FLAMING GORGE: Fishing has been good at Flaming Gorge. The surface water temperature ranges from 70 to 72°F.
Kokanee salmon: Fishing is still much slower than it was in June. Larger three- to four-year-old fish are now preparing to spawn. The spawning kokanee will take on a new look turning red and developing hooked noses but they'll also migrate towards the spawning areas and stop foraging for food all together. Most of the fish were concentrated in small areas along the main channel in 45 to 60 feet of water and measured 12 to 14 inches in length. Remember, mortality rates on released fish increase as water temperatures rise, so we encourage you to keep your limits of small kokanee. If you're not harvesting, please use single, barbless hooks, minimize handling, and use nets with rubber coating. A variety of lures are working well. Try using pink, purple and orange colored lures, including dodger and squid combinations, #2 Needlefish, Rocky Mountain Tackle Viper spoons and Triple Teazers. You should shorten the leader between the dodger and squid to about 10 inches. Use orange colors during low light or cloudy periods. If you're trolling, vary your speed between 1.6 and 2.0 mph.
Rainbow trout: Anglers are catching rainbows while trolling for kokanee or fishing deep water for bass. If you're trolling, try using small spoons tipped with bait and moving at about 1.6 to 1.8 mph. Most of the rainbow trout are in 40 to 60 feet of water in habitat ranging from main channel points to all the backs of canyons. You can easily catch rainbows while casting towards shore with Marabou or tube jigs in earthtone colors. If you fish in deeper water, you can catch both larger bass and rainbow trout. Both species spend time in colder water looking for crayfish to eat. Shore anglers can always catch rainbow trout by fishing with worms or PowerBait on the bottom.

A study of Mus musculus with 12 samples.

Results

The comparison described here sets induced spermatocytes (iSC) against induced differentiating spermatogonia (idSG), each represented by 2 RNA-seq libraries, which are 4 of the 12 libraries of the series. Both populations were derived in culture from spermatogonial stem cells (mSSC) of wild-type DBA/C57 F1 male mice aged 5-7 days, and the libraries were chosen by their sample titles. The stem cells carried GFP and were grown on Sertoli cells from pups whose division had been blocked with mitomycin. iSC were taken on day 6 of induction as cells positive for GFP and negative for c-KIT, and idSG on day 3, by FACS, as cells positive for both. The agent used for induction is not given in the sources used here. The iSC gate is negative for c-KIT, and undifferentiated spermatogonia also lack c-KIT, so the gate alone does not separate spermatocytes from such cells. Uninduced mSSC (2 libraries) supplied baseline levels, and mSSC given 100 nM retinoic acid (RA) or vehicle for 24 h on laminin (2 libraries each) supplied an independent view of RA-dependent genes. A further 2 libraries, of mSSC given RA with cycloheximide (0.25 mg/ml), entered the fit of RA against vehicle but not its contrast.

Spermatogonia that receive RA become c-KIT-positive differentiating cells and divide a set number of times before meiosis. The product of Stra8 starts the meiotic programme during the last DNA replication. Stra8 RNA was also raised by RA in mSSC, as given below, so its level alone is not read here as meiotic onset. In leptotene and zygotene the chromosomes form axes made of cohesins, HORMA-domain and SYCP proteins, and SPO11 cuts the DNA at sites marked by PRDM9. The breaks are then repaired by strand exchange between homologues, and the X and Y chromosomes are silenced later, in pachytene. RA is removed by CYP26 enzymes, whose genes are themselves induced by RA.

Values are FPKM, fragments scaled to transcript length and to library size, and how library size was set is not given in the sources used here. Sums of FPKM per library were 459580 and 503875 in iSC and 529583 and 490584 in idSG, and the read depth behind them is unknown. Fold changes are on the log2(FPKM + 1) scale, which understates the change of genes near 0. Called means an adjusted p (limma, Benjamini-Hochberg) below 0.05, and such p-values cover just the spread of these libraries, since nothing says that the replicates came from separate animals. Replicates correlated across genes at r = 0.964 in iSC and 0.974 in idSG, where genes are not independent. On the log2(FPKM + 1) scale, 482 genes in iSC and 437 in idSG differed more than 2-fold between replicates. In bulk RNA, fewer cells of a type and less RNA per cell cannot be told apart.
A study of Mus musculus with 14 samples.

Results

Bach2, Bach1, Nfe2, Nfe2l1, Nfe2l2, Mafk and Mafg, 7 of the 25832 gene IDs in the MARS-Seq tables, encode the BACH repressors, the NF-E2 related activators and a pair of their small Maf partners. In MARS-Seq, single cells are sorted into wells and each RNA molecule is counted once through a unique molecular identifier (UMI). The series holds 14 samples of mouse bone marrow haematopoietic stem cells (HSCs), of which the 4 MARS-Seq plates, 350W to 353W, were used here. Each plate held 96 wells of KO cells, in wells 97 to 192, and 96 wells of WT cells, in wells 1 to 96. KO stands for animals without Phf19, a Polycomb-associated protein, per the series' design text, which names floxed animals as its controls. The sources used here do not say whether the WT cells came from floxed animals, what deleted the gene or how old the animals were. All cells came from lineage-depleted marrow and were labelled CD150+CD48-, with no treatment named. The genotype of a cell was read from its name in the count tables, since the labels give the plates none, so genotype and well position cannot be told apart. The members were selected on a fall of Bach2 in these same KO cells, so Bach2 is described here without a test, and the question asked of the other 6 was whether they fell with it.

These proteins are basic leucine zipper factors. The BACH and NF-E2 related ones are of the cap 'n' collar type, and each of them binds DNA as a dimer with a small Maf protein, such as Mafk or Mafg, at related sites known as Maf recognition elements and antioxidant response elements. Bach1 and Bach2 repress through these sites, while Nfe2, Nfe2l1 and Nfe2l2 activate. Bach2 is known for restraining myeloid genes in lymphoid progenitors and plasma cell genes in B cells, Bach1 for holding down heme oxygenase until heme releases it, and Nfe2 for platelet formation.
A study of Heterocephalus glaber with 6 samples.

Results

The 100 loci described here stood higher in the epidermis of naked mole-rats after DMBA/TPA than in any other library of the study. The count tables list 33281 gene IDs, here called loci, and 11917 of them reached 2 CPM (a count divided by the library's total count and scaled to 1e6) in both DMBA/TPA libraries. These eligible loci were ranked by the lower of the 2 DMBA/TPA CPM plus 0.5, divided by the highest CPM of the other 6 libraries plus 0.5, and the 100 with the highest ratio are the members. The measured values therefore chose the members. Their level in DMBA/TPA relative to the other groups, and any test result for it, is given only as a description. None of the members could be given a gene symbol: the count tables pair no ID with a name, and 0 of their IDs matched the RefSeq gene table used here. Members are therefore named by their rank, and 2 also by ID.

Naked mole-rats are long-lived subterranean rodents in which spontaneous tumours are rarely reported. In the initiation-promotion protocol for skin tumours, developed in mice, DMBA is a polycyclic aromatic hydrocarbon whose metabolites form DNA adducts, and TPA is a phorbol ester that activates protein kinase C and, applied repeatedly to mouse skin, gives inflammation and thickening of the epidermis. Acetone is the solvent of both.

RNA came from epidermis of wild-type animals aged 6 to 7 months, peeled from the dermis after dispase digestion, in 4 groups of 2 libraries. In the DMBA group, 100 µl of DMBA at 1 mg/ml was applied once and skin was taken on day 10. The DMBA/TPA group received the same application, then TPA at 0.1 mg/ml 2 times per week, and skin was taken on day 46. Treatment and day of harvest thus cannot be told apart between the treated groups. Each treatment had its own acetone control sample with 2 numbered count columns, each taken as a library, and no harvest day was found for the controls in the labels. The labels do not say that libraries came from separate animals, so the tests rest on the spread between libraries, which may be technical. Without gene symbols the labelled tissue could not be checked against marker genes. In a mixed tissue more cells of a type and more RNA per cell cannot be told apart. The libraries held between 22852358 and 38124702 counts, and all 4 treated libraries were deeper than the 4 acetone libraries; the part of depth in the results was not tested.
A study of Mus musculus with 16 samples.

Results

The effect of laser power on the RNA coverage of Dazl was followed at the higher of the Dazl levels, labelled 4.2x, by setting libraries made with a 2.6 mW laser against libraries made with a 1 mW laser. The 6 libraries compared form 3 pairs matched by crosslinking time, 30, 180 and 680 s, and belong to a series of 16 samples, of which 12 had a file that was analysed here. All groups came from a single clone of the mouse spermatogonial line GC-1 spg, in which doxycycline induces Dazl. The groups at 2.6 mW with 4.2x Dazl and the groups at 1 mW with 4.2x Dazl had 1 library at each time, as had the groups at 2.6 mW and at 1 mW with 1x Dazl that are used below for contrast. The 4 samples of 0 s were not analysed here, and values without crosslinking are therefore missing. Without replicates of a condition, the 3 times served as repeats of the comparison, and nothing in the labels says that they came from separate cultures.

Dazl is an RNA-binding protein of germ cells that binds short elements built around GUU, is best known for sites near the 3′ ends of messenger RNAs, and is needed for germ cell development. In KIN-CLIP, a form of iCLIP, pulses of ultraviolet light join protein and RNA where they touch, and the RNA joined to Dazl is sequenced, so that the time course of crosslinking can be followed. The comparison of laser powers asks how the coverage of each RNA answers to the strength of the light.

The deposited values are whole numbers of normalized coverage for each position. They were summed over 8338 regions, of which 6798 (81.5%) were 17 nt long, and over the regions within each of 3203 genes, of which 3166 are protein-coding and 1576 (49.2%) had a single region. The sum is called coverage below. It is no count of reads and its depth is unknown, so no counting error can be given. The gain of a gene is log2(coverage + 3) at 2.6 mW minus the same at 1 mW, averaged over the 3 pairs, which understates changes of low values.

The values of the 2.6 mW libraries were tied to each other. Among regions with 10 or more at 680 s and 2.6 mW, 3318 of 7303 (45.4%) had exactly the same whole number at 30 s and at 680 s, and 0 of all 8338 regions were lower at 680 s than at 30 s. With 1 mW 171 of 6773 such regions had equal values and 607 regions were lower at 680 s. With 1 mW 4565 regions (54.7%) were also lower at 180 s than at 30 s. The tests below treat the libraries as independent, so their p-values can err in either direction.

Lake trout: Fishing is improving. You can find schools of smaller lake trout along the main channel in 50 to 100 feet of water. These smaller lake trout are numerous and aggressive at times, and they can be fun to catch and eat. When you find a school, you have two options. Option one: drop a white tube jig or a jigging spoon (like a Northland Buckshot) tipped with a small chunk of sucker meat. Be ready, though, the bites can be quick! Option two: troll small spoons or crankbaits immediately above the school at 1.4 to 1.8 mph using lures like Flatfish, Rapalas or wobble spoons (like Northland Forage Minnows) in silver or chartreuse.
Smallmouth bass: The warmer water has sent larger bass to deeper waters, but anglers are still catching good numbers of smaller bass in the shallows. Focus on using traditional smallmouth baits, like crawfish-pattern crankbaits or plastics. Retrieving these and other baits (like single tail jigs) on or near the bottom should produce good results.
Burbot: Although there haven't been many reports, some anglers say the burbot fishing is good. Burbot are most abundant in the uppermost reaches of the reservoir in Wyoming, so anglers should start their search there. They are predominantly a nighttime species and prefer cooler water and rocky main channel structure. Start fishing at dusk and target depths greater than 30 feet. Use 3/8- to 1/2-ounce glow lures, like Yamamoto grubs in luminous white or Northland Buckshot spoons in glow, tipped with sucker or chub meat. Burbot are not nearly as active or aggressive during the summer months, so jig lures slowly and close to the bottom, and move if you're not catching fish.